For an average person, seeing herds of 8-foot-tall bears stalking downtown corners might be frightening, pee-your-pants scary even, but not for the accustomed residents of Los Altos. The Los Altos Rotary Club’s most recent public art project has scattered dozens of painted fiberglass bears around the city, some life-size, and each with a theme unique to the bear.
This project, brainchild of Los Altos Rotarian Carol Dabb, was inspired by the Chicago CowParade, a public art exhibit that displays painted cows around some of the world’s biggest cities, and was adapted to express California pride.
Dabb said she chose bears because they are the state animal, but also because bears have “human qualities and you can give them human-like personalities.” She decided that bears are easier for people to relate to than dogs or cats, for example.
There are currently 54 painted bears in four sizes: the towering 8-foot grizzly bear, the 5-foot black bear and the 36- and 20-inch baby bears. Each bear is painted by a local artist selected by the rotary club, in a lineup that includes high school students, hobbyists and professional artists.
Each bear is sponsored or purchased by local rotarians, residents and businesses, and put up for auction online — they’ll be auctioned live as well during the Hibernation is Over Party in October 2021.
Proceeds from the bears go to benefit various charities supported by the rotary club. But the project is also supporting artists who have been hit hard during the pandemic, unable to sell art and in turn fund their craft. Each artist receives a 25% commission from the bids on their bears.
According to Dabb, there were “a lot of naysayers at the beginning” — people thought the project was too big, that the bears wouldn’t be attractive and that they wouldn’t get people to sponsor or bid on the bears or make any money. A hush has fallen over the skeptics since the success of bear bidding, with every bear being bid on.
“I just knew it would work,” Dabb said. “But people don’t understand art. They don’t understand how important art is in our lives, how much joy art brings into our lives, how much conversation with each other art brings into our lives.”
Perched on columns and benches and lurking behind buildings, the bears liven the streets of a city that’s just starting to wake up after months in the den.
“It brings such a positive vibe for the town,” said Jane Lombard, a cardiologist and the first sponsor and artist to volunteer. “In the evenings, I see families walking around and doing bear treasure hunts with their kids.”
Families may spot a bear strumming his ukelele, or a holding a fishing line. But the meanings behind these charming bears are more than what meets the eye.
Artists were given prompts to follow in their painting, and depending on the theme, could take creative liberties with the style of the bear. Rachel Bidinger, a Los Altos High School senior who got involved in the project after hearing about it from the National Arts Honor Society, received a private commission for her painted bear titled, “Grandpa Sam.”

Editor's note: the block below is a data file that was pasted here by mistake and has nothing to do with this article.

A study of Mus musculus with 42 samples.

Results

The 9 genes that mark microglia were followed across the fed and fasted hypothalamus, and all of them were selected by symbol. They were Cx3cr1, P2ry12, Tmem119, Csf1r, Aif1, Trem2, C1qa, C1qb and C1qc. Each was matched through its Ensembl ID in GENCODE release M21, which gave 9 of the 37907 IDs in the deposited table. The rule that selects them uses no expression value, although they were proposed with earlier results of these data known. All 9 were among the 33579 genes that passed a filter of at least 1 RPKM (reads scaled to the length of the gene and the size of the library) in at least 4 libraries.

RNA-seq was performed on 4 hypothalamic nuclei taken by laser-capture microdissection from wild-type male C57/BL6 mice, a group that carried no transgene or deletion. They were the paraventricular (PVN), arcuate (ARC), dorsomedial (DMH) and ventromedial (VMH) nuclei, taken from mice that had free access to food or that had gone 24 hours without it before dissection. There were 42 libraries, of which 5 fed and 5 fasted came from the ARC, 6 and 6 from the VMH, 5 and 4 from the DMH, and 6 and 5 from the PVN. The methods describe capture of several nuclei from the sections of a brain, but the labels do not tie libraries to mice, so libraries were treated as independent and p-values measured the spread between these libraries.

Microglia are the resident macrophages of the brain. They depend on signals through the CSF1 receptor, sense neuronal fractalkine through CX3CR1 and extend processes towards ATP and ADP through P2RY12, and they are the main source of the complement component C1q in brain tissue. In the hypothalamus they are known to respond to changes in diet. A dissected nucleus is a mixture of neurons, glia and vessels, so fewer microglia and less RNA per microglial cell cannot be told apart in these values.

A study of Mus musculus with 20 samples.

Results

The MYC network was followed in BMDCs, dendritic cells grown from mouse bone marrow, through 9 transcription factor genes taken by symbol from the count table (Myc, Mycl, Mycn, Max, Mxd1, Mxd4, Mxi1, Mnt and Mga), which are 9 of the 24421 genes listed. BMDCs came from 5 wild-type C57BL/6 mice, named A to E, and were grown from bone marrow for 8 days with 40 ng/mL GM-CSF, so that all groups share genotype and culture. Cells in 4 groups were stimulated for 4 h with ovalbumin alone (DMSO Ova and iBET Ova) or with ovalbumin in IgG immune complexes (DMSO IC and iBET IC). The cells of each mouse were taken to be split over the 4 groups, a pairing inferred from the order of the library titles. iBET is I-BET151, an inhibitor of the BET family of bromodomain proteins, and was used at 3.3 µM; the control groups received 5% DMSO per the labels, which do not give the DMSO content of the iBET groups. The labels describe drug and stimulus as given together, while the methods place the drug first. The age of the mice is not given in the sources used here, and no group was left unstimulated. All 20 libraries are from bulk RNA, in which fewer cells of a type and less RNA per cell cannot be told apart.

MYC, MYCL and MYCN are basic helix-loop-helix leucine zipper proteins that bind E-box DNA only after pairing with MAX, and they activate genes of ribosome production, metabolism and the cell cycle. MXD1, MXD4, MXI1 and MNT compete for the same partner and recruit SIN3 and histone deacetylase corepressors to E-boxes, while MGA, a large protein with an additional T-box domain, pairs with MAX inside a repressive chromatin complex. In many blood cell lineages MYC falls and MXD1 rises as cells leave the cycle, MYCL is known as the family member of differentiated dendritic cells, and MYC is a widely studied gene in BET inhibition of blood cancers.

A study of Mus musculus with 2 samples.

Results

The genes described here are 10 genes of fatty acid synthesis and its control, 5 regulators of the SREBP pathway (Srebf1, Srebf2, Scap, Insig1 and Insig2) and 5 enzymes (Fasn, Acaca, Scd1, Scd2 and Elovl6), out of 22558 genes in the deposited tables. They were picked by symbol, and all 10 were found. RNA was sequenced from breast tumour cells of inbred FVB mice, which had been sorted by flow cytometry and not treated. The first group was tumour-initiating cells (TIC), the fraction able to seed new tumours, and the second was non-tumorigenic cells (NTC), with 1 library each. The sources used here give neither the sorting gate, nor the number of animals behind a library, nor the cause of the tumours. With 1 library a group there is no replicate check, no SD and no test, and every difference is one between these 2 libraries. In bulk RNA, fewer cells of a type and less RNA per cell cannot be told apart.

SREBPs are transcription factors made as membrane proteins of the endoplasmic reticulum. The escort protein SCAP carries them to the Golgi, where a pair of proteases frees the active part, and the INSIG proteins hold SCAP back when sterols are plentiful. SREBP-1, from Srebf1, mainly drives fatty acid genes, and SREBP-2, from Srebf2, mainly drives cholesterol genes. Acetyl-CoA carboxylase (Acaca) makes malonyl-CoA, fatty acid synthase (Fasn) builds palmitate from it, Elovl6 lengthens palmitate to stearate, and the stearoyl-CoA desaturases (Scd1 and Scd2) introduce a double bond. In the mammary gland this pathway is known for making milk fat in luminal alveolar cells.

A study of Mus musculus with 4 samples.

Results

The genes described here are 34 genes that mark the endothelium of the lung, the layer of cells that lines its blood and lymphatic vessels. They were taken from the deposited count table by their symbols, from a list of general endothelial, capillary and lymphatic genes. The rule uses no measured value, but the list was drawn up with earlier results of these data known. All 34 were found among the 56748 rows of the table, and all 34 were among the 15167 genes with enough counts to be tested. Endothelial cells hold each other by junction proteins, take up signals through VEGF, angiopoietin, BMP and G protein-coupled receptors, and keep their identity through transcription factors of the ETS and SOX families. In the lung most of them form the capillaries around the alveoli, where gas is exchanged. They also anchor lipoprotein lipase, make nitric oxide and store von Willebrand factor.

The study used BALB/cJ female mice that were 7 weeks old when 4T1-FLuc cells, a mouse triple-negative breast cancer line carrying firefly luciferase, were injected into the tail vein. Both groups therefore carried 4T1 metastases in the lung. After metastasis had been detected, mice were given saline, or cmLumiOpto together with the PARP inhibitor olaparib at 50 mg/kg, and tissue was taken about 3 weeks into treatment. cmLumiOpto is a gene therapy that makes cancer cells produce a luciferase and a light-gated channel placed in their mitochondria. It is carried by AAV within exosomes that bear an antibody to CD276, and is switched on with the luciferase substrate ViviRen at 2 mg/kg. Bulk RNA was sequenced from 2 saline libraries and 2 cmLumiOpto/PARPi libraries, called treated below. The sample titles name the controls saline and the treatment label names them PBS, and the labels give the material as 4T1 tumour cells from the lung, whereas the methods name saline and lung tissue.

The personal commission was a birthday present for a Rotarian’s husband, and Bidinger said the bear was meant to represent him. Bidigner worked closely with the buyer to design a bear with a yellow hat, his favorite shirt and a pair of Hawaiian print pants. Pawprints adorned the bear’s back to represent each of the recipient’s grandchildren.
“I really liked working with the individual and trying to understand what vision they may have in mind for design,” Bidinger said. “Something that’s really important for artists is to be able to help someone visualize what they can replicate in the art.”
Lombard painted “Grinn N Bear It,” “Hang 10” and “Tahoe Blue.” She first heard about the project during a Rotary meeting and later approached Dabb offering to sponsor a bear. Although at first, Lombard said she was skeptical of the project because of Los Altos’s size compared to Chicago, she decided it was a great “picker-upper” during lock-downs.
Her first bear, “Grinn N Bear It” is dedicated to first responders, splattered in symbols of the local fire departments and EMTs surrounded by poppies and quails. According to the bear’s description, it is a grinning bear to symbolize “hope and solidarity.”
“I think art needs to evoke feelings in you, whether it’s rage or thought and I think those bears do that, because a lot of them [show] what our community is going through,” Lombard said.
According to the Los Altos Bears map, the “Field Guide Bear” honors the Los Altos Public Library, with the background painted with local grasses and butterflies native to Santa Clara County covering the bear like a “living encyclopedia of butterflies.”
The “Historic Los Altos Bear” by Ayla Studio is covered in iconic Los Altos buildings. Featuring the Community House, Neutra House and the railroad station, the bear pays homage to the rich history of the city.
Relaxed and tan, Lombard’s “Hang 10” bear is posing in front of a Hawaiian flower surfboard. The installation is a 5-foot-2 brown bear meant to represent the quintessential California look.
“The bears are very local,” Lombard said. “They’ve got a lot of local lore and history.”
Although Lombard is a relatively experienced painter, she advanced her skills both technically, dipping her toe into graffiti methods, and conceptually, with what she described as a growth in her “artist’s spirit.”
“I grew in thinking of images that would evoke emotions,” Lombard said. “Of course, the bears are positive, but I had to find a [balance].”
For many bear painters, it’s their first time participating in a public project like this one.
“It’s definitely a new experience being able to see the value that others see in my work,” said Bidinger.
“It really brings the community together: sponsors, creators and also the audience,” Lombard said. “The bears are a work of love.”